5. Questioning and Assessment

Resources, ideas and prompts for discussion related to Questioning.

So that…pupils are made to think hard with breadth, depth and accuracy, and can apply what they have learned.

Why is Questioning so important?

Questioning is ubiquitous, and even though it has a dedicated section and principle page within the MACS Teaching and Learning approach and CPD model, in truth it lives amongst all of the other principles too, and supports them and is fuelled by them in equal measure! Based on this, questioning is a vital skill for teachers to master in order to provide the launchpad for many other approaches and techniques.

Allison and Tharby, in ‘Making Every Lesson Count‘, pose a question themselves in order to consider teacher questioning: “how many teachers ever stop to consider why they are asking a question and what they are hoping to achieve by asking it?”. They argue that in principle good questioning can promote and sustain academic rigour in a classroom, allows us to find out far more about what learners have or have not understood, and perhaps of most importance – questioning is a vehicle which really puts the emphasis on students taking ‘a share of the cognitive work of the classroom’.

Teachers who appear well versed in the art of questioning use approaches in such a way to maximise the attention of all students, and furthermore questioning a student can be a means to show your interest in them and their views on the learning that is going on. Activities involving questioning can be an integral part of the culture building of our classrooms and a barometer of what standards we expect:

  • Do we encourage responses in subject specific language?
  • Do we accept incorrect answers or answers that are incomplete?
  • Do we expect all that enter our classroom to listen to others with respect?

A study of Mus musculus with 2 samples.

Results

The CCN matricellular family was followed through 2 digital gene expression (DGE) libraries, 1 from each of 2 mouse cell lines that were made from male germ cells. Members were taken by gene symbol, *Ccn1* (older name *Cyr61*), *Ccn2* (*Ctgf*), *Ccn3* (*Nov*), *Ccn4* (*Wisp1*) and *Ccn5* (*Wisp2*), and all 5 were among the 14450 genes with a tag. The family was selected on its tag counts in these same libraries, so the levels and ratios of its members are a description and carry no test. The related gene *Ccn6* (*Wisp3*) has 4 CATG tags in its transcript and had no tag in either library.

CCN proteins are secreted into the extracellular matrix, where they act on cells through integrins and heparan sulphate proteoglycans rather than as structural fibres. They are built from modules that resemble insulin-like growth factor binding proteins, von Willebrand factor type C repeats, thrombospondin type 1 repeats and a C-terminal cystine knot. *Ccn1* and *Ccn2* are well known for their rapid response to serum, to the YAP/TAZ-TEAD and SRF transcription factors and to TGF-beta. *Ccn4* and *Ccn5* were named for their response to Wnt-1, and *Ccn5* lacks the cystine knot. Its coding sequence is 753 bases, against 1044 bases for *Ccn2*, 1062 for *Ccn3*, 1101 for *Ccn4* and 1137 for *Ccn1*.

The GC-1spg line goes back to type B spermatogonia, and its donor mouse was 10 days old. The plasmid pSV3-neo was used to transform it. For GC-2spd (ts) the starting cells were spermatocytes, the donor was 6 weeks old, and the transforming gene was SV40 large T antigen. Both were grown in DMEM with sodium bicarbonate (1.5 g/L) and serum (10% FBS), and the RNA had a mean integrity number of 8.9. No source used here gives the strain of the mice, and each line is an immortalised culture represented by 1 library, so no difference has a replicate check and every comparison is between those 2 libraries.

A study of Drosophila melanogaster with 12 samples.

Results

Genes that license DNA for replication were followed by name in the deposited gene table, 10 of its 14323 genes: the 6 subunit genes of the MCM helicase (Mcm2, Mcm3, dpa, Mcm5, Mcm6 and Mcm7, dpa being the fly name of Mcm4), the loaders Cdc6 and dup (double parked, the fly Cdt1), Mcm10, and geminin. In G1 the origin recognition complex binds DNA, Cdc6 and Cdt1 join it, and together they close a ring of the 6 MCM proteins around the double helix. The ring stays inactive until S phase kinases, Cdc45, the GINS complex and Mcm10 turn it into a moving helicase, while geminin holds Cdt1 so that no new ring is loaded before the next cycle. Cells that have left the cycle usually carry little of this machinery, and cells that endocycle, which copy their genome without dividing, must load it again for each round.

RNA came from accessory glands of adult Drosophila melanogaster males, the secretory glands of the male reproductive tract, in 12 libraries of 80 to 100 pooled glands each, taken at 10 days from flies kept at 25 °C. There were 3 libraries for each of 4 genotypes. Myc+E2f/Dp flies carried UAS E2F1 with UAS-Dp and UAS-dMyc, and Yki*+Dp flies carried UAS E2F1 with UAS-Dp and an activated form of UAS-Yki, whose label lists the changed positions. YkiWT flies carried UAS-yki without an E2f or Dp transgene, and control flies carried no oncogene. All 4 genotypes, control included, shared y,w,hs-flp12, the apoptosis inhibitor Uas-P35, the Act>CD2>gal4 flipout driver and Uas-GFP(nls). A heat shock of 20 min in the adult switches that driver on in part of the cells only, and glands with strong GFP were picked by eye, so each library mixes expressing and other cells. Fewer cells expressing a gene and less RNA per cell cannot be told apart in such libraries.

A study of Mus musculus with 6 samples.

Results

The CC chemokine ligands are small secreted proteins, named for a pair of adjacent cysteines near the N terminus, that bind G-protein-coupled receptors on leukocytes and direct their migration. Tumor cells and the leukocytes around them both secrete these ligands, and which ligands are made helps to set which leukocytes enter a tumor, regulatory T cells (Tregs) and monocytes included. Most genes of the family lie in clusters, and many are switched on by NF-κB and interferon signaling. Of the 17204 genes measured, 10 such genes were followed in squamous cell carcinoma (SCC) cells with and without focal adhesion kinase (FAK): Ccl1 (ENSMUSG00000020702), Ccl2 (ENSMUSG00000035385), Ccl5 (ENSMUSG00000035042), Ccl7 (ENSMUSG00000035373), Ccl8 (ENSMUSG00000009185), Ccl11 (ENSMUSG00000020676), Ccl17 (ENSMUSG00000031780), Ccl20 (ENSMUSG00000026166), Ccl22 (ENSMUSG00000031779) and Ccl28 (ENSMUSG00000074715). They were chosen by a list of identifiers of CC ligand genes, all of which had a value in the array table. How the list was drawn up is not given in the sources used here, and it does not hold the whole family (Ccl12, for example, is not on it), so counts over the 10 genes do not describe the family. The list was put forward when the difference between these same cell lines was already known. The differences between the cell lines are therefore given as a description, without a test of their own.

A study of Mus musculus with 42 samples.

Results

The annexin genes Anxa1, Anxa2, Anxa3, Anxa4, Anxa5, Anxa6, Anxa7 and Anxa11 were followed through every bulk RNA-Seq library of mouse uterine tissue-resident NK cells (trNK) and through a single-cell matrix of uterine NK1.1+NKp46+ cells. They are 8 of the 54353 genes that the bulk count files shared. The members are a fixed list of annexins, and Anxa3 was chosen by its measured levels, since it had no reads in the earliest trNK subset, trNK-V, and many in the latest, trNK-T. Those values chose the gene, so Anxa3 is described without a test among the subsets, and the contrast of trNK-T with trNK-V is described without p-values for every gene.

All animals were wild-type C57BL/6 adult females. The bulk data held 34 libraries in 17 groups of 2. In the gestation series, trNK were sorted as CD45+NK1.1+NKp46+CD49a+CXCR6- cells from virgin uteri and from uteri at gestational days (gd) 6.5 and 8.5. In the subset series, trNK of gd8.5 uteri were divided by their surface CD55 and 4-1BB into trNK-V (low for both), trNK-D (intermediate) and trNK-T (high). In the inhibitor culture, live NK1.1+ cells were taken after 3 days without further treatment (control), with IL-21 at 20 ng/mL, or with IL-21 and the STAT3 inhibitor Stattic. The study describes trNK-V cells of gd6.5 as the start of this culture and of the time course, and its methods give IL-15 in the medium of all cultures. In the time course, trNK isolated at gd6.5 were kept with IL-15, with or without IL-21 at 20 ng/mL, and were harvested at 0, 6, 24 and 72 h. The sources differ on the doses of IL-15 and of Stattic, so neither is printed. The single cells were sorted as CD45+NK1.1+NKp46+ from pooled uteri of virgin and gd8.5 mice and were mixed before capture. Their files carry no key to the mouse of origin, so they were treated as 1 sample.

Rosenshine’s Principles of Instruction – A View on Questioning

Barak Rosenshine, in ‘Principles of Instruction’, lists questioning as one of ten integral principles in effective teaching and learning. Rosenshine suggests that teachers:

“Ask a large number of questions and check the responses of all students: Questions help students practise new information and connect material to their prior learning.”

Barak Rosenshine – Principles of Instruction

As far as effective teaching is concerned, in relation to the classrooms where students made the highest gains in progress and achieved highly in tests, Rosenshine observes the following features in that these teachers…

  • …asked more questions
  • …involved more students
  • …probed more in depth
  • …spent more time explaining, clarifying and checking understanding based on responses
  • …asked students to think aloud

This section explores questioning approaches and techniques that have positive impacts on classrooms. It draws on a range of sources of information but key to this are the chapters on Questioning from ‘Making Every Lesson Count’, ‘Teach Like A Champion 2.0’ and ‘Teaching Walkthrus’.

Associated further reading and references:

  • ‘Chapter 6: Questioning’, in Allison, S. and Tharby, A., 2017. Making Every Lesson Count. Carmarthen: Crown House.
  • Rosenshine, B. (2012). Principles of Instruction: Research-Based Strategies that All Teachers Should Know. Retrieved from https://www.aft.org/sites/default/files/periodicals/Rosenshine.pdf
  • Sherrington, T., and Caviglioli, O., 2020. TEACHING WALKTHRUS. [S.l.]: JOHN CATT EDUCATIONAL LTD.
  • Lemov, D., 2015. Teach Like A Champion 2.0. 2nd ed. San Francisco: Jossey-Bass.